Profit and Loss – Manufacturing Sector Snapshot

Key highlights:

  • Revenue has grown year on year, although 2017 growth rates (11.2%) were higher than 2018 (4.1%).
  • As a revenue subsection, companies involved in the manufacture of machinery, motor and transport saw a decline in revenue between 2017 and 2018, falling from third to fourth in the hierarchy behind the growing revenues in the manufacture of coke, petroleum, chemicals and pharmaceuticals. All other subsections increased revenue.
  • Although gross profit has increased in sterling terms, it has fallen in % terms from 22.1% to 21.4% between 2016 and 2018.
  • This reduction in GP% margin has contributed to falling net profit (6.95% to 6.03%) and EBITDA (earnings before interest, tax, depreciation and amortisation) (10.8% to 9.4%) margins over the same period.
  • EBITDA per employee fell from £27k in 2016 to £25.4k in 2018. Although expected by some this has not been business as usual for the manufacturing sector. In fact initially we had a period in which manufacturing did better than much of the rest of the economy due partly to Brexit, more recently it has fared particularly poorly.

The picture is not so clear from a Brexit perspective. Since the referendum mid-2016, all profit margin measures have contracted, However, in the year following the referendum (2017), revenue increased significantly higher than the previous and following years.

Thoughts from the experts

The big picture for UK Manufacturing over the past few years is that we had a period during 2017 when it outperformed the economy as a whole, then in 2018 and 2019 it slowed sharply and underperformed. In 2017 growth was boosted by the big competiveness gain from sterling’s depreciation and by an acceleration in global activity. In 2018 the sterling boost began to fade and also global growth slowed. One key cause of the latter is the impact of international trade tensions particular between the US and China.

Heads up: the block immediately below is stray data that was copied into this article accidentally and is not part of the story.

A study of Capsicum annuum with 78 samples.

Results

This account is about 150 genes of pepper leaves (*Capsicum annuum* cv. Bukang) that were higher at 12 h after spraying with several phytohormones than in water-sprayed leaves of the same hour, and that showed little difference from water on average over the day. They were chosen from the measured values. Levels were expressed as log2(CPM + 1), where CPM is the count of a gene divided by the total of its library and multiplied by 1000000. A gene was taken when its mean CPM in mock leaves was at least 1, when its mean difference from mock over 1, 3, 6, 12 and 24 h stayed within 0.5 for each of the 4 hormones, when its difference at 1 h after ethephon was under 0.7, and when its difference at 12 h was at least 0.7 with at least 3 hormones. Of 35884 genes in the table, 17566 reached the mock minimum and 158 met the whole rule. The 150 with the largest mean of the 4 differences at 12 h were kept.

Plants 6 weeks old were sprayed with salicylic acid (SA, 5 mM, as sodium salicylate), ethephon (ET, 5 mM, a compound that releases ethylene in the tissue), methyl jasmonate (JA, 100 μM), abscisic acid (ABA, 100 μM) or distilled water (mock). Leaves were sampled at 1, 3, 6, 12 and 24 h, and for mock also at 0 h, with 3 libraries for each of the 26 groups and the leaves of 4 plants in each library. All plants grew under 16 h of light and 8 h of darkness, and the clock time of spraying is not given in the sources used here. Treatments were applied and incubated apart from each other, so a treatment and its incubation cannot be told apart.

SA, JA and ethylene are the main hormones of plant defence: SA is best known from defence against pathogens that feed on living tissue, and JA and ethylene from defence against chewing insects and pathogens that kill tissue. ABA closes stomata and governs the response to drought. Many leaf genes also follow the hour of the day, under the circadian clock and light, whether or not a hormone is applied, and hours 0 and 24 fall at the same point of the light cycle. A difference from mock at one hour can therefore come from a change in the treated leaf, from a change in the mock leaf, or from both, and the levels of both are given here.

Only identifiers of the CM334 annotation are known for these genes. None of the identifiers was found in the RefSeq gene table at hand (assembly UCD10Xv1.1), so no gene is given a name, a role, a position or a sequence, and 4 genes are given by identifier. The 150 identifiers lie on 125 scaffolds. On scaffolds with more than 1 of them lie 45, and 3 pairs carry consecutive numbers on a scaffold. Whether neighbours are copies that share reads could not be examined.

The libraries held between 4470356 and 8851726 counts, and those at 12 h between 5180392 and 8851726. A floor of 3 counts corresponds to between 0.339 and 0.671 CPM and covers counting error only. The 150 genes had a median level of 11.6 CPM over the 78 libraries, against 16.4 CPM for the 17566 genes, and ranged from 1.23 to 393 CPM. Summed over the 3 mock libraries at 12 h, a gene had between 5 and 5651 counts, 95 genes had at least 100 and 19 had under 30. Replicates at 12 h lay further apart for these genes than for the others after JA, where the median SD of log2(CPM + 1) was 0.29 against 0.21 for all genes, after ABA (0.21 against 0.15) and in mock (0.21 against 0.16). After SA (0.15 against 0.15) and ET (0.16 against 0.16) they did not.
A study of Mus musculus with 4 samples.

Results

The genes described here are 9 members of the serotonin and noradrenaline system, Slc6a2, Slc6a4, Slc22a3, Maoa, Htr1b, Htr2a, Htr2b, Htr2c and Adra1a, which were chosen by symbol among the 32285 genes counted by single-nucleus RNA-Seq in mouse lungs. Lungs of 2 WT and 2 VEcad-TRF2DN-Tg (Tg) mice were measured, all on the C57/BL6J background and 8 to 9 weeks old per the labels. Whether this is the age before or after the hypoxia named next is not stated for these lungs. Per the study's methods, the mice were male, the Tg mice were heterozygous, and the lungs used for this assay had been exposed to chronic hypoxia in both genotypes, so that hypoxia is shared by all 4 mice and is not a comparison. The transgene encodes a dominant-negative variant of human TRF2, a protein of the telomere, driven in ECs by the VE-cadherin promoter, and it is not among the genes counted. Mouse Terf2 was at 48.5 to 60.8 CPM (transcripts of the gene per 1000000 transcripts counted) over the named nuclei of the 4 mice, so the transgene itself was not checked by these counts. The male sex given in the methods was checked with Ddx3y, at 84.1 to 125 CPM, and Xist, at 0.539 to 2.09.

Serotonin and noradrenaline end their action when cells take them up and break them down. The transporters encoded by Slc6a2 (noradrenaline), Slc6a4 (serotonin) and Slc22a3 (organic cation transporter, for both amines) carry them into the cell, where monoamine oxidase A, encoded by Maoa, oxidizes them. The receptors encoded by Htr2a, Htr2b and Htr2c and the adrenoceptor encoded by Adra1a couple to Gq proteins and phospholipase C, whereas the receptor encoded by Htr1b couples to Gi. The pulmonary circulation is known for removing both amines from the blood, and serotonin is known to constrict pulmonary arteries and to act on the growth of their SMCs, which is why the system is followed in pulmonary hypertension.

Fears of this seems to have hit business confidence and so led to a slowdown in business investment and hence in the demand for capital goods. This brought about a global slump in manufacturing. One recent piece of good news is that a partial trade deal seems to been agreed between the US and China signed on 15th January. This holds out hopes that 2020 may be a better year for global manufacturing.

In the UK, investment intentions have additionally been hit by Brexit slowdown so here the slump has been particularly marked.

Rhys Herbert
Lloyds Bank Commercial Banking

The 2019 General Election result, with the Conservatives winning an overall majority and a swathe of seats across the North of England, may boost certain manufacturing sectors in the coming years. In January 2020, the Chancellor of the Exchequer Sajid Javid indicated that he wants to ‘level up’ the productivity of the rest of the country with South East England. Up to £80 billion will be made available to spend on infrastructure projects.

Matt Rooney
Institution of Mechanical Engineers

This article comes from our latest Manufacturing & Engineering Survey Report, now in its eighth year, is a go-to report when it comes to understanding the sector, its opportunities and challenges. We benchmark SMEs across the UK to paint a national picture of the Manufacturing and Engineering sector.

Click here to read a copy of the full report.